After a 13-year-old was killed by a police officer in Chicago last weekend following a chaotic foot chase, Mayor Lori Lightfoot discussed the issue of police giving chase to suspects in a press conference Thursday.
“Dangerous for [police officers], dangerous for the person they are pursuing, but also dangerous for those in the community,” Lightfoot said. She said police need to develop a chase policy that will “strike the right balance” when it comes to when and why police officers run after suspects. She said she did not want criminals to think that they can just run to escape the police, nor should police feel they cannot act to keep the public safe. But, she said, “no one should die as a result of a foot chase.”
The Chicago Police Department recently released body-camera video and security camera footage of the fatal police shooting of 13-year-old Adam Toledo last weekend. Though Toledo held a gun during the chase, he appeared to drop it and try to surrender when a police officer — who had sprinted to catch him — shot him.
Some activists have called for foot chases to be banned in the aftermath of Toledo’s death, though Lightfoot did not appear eager to go down that road on Thursday.
Chicago Police Superintendent David Brown was asked about a different police shooting Thursday morning involving a 28-year-old male suspected of “several crimes involving a weapon just prior to his arrest,” according to a CPD press release. Officers pursued the man and shot at him but did not hit him. He was arrested, and a pistol was recovered.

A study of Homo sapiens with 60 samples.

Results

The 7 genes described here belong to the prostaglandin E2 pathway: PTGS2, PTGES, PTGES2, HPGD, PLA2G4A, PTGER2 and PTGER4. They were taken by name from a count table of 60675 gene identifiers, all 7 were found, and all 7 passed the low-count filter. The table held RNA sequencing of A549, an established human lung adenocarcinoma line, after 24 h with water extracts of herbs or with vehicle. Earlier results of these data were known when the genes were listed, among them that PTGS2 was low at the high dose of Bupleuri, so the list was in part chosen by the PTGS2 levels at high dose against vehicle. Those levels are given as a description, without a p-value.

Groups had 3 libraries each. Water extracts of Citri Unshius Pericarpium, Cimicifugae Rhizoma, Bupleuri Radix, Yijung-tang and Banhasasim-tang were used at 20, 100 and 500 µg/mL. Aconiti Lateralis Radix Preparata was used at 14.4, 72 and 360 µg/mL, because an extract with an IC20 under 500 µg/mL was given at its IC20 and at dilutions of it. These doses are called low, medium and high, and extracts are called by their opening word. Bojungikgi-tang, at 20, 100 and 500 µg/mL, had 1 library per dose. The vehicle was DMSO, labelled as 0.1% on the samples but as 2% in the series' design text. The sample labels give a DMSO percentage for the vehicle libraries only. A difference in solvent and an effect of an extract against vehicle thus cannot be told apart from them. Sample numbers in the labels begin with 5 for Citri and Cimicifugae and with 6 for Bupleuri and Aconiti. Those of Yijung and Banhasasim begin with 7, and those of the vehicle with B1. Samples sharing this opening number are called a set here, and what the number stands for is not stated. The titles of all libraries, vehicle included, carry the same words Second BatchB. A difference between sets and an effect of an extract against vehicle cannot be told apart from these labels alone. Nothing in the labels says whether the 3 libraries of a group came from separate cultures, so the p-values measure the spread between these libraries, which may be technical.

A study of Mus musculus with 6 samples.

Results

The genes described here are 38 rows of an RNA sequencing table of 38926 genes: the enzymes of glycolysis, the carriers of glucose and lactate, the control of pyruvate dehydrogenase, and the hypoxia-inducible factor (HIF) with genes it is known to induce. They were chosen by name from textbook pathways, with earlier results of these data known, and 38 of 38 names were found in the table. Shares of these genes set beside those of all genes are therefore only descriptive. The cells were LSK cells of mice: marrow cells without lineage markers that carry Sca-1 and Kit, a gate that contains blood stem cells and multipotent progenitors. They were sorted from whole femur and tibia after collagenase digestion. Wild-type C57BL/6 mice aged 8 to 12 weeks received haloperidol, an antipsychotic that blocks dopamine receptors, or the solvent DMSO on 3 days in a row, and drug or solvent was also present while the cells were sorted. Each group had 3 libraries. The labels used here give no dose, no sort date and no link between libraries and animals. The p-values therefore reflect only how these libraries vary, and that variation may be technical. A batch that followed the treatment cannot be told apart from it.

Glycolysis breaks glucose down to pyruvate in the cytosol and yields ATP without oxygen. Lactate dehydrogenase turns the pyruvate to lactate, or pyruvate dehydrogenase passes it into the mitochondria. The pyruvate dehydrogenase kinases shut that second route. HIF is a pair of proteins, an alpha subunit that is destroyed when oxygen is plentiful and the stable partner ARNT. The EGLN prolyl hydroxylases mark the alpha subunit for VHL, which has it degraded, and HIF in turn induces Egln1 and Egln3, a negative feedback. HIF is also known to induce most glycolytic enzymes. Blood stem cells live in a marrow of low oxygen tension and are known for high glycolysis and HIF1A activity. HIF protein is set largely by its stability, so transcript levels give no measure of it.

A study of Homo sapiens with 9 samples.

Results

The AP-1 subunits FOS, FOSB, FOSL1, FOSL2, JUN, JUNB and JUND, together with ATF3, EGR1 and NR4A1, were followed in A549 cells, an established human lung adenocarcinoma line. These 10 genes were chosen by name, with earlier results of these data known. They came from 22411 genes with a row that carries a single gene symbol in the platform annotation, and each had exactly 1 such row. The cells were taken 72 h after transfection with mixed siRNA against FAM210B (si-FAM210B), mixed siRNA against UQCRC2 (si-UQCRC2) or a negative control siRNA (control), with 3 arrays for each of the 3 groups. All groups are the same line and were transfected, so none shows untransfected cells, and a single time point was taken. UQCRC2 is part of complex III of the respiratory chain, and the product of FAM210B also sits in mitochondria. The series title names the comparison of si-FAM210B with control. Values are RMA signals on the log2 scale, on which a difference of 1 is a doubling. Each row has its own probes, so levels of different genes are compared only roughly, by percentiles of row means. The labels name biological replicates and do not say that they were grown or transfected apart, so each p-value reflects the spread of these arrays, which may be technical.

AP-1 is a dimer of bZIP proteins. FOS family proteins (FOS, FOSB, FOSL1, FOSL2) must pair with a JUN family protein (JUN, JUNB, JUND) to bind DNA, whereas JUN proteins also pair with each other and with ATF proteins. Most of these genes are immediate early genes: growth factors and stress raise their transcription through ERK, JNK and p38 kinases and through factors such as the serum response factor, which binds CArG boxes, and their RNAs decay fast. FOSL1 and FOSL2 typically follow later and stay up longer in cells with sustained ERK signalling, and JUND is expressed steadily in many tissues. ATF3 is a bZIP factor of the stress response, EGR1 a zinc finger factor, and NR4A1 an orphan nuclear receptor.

Brown made it clear that foot chases are a reality of policing.
“We’re sworn to protect and we often risk our lives to do it. Are there safer ways we can do our job? Of course there are, and we are in a constant effort at looking at better ways to capture suspects,” Brown said. “But make no mistake about it: We were sworn to capture offenders, particularly violent offenders in the city.”
In 2004, the International Association of Chiefs of Police released guidelines to improve the safety of both the law enforcement officers and those being pursued by them during foot pursuits. Most cities have their own rules and regulations about foot chases, though it is unclear if any have an outright ban on them.
According to a 2015 paper, “Police Foot-Pursuit Policies, Practices and Training: Findings From a National Survey,” out of the 503 law enforcement agencies surveyed, the “majority of agencies surveyed did not have a written foot pursuit policy and most reported engaging in practices deemed risky to the police and the public.”